The students, who took their protest to the King Square area of the city, demanded an end to the strike. They said they are tired of staying at home, cut off from their academic pursuits.
While they appealed to the relevant authorities to look into the issues that led to the strike for a resolution to be reached, the students rued watching their dream of graduating suffer stagnation.
‘Ticking Time Bomb’
Also worried about the situation, Lagos State First Lady, Dr. Ibijoke Sanwo-Olu, called for a decisive action to end the strike, describing the situation as a ticking time bomb that must be urgently addressed.
She spoke during a special Eid-El-Fitr celebration hosted by the Lagos State first family and the state government held at Lagos House, Alausa, Ikeja to commemorate the end of Ramadan.
“Our children need to go back to school. It is a ticking time bomb when our children sit at home doing nothing. The devil will find work for the idle hands. Our children, those in the universities, sitting down at home for two months is not a plus for us and so anytime we have the opportunity, we as parents, especially mothers, should continue speaking up,” she said.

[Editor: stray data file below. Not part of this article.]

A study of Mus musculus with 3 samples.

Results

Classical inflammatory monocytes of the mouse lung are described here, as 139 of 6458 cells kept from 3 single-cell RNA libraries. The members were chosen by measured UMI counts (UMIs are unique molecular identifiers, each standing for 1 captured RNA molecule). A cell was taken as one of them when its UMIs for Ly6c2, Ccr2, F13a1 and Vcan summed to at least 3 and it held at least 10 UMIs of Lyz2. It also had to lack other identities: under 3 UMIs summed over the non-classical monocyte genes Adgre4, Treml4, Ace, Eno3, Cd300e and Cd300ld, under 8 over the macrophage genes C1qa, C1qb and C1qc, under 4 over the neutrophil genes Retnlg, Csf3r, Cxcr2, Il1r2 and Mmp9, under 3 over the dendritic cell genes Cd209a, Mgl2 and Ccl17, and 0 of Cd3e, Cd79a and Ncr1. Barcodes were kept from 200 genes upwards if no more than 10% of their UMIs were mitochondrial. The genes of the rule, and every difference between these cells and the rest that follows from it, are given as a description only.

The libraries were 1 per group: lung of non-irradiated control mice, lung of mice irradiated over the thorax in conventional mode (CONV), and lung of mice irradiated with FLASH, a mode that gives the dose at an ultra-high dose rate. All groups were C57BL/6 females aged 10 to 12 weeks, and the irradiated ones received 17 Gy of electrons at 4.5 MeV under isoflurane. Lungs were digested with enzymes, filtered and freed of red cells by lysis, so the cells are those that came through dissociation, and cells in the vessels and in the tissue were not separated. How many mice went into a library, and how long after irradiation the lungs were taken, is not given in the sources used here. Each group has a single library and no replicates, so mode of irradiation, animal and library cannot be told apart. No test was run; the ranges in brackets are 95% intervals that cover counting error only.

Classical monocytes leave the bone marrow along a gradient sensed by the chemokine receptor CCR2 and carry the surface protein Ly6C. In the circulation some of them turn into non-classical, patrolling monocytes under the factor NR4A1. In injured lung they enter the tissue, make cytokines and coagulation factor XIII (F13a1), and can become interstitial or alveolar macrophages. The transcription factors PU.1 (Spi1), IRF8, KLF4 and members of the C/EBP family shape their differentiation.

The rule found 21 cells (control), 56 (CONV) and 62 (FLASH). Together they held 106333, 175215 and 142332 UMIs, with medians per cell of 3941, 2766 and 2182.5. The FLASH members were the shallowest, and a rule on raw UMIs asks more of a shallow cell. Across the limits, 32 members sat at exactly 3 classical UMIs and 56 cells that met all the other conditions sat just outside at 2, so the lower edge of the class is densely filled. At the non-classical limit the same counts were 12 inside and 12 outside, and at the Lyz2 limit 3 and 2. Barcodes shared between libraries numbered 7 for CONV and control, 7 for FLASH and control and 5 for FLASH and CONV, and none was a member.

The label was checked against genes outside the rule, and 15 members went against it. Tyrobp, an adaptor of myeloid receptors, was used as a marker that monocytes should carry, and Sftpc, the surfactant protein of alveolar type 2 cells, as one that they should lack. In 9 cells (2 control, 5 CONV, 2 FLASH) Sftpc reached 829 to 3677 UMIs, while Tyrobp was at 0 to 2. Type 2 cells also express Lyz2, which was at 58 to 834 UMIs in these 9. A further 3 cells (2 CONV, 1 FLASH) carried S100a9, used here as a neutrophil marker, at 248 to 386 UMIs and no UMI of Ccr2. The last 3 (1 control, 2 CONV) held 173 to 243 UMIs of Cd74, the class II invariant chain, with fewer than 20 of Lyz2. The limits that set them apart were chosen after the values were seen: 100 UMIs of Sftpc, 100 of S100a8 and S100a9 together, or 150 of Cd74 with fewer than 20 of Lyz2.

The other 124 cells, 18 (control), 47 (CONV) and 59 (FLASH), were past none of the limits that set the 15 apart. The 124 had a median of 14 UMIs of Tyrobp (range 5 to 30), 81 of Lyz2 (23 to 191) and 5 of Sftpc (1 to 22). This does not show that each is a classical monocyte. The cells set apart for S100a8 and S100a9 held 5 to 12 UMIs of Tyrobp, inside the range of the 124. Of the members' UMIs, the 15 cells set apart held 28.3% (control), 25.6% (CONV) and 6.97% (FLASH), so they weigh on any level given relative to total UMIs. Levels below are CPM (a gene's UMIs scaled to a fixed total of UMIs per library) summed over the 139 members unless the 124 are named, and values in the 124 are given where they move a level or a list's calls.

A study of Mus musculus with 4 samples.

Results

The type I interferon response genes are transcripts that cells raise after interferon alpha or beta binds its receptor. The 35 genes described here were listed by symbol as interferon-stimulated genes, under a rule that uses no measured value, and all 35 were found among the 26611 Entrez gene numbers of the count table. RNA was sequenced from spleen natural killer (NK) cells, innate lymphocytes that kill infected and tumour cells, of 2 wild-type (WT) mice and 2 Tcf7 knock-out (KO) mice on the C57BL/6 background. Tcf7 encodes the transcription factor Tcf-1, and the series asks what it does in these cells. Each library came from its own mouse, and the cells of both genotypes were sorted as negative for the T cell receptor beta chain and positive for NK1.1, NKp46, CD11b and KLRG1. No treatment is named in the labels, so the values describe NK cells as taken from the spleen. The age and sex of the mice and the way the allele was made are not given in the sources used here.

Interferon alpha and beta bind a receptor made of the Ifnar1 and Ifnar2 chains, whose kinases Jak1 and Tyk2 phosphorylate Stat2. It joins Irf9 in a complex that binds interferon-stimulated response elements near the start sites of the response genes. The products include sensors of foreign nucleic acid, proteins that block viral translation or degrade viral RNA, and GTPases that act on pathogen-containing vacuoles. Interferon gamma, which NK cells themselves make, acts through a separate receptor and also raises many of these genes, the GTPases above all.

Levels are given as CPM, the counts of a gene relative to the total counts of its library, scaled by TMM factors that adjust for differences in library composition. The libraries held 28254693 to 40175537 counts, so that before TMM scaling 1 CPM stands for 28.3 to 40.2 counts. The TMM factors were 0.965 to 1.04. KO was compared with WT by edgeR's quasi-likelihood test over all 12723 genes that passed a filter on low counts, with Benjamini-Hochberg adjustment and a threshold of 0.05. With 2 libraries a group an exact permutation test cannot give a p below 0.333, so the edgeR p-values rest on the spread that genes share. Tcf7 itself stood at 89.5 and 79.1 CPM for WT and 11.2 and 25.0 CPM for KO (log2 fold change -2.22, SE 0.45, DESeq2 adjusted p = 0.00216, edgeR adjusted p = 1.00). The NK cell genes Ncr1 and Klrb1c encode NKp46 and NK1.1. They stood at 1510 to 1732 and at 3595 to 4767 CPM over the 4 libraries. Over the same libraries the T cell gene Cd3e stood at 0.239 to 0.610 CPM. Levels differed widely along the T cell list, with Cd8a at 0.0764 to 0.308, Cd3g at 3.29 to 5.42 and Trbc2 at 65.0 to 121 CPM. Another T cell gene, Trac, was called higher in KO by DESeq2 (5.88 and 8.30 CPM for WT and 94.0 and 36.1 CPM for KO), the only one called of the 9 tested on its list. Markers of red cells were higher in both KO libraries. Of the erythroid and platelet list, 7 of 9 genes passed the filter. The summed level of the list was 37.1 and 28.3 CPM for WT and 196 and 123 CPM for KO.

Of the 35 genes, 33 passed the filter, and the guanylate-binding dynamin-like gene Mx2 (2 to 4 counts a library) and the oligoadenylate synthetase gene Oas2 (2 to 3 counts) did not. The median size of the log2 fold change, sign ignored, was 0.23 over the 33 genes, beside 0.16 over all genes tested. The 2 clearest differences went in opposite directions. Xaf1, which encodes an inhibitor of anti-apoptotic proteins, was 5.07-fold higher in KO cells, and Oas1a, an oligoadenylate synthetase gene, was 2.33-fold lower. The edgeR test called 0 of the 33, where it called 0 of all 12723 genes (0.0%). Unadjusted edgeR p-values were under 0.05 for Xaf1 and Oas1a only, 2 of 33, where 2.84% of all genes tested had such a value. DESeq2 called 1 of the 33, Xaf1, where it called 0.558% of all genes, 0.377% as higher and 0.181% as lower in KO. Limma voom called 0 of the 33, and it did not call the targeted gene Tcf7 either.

“The federal universities are shut down as a result of the ASUU strike. We plead and plead that God will help us to resolve this issue. I don’t feel comfortable that the students are at home and whatever it takes, all hands must be on deck to ensure that they go back to school.”
The governor’s wife also asked the youth to shun all ungodly, immoral, and bestial acts.
Mrs Sanwo-Olu’s comment followed the lingering strike embarked on by the union on February 14. The university teachers are pressing home their demands which include funding for the revitalisation of public universities, earned academic allowances, University Transparency Accountability Solution (UTAS), and payment of promotion arrears.
They had first embarked on a four-week strike before extending it for another eight weeks to enable the Federal Government to address issues in concrete terms.
ASUU had also accused the government of poor commitment to the payment of earned academic allowance; the continued use of the Integrated Personnel Payroll Information System (IPPIS) and refusal to adopt the Universities Transparency and Accountability Solution (UTAS) among others.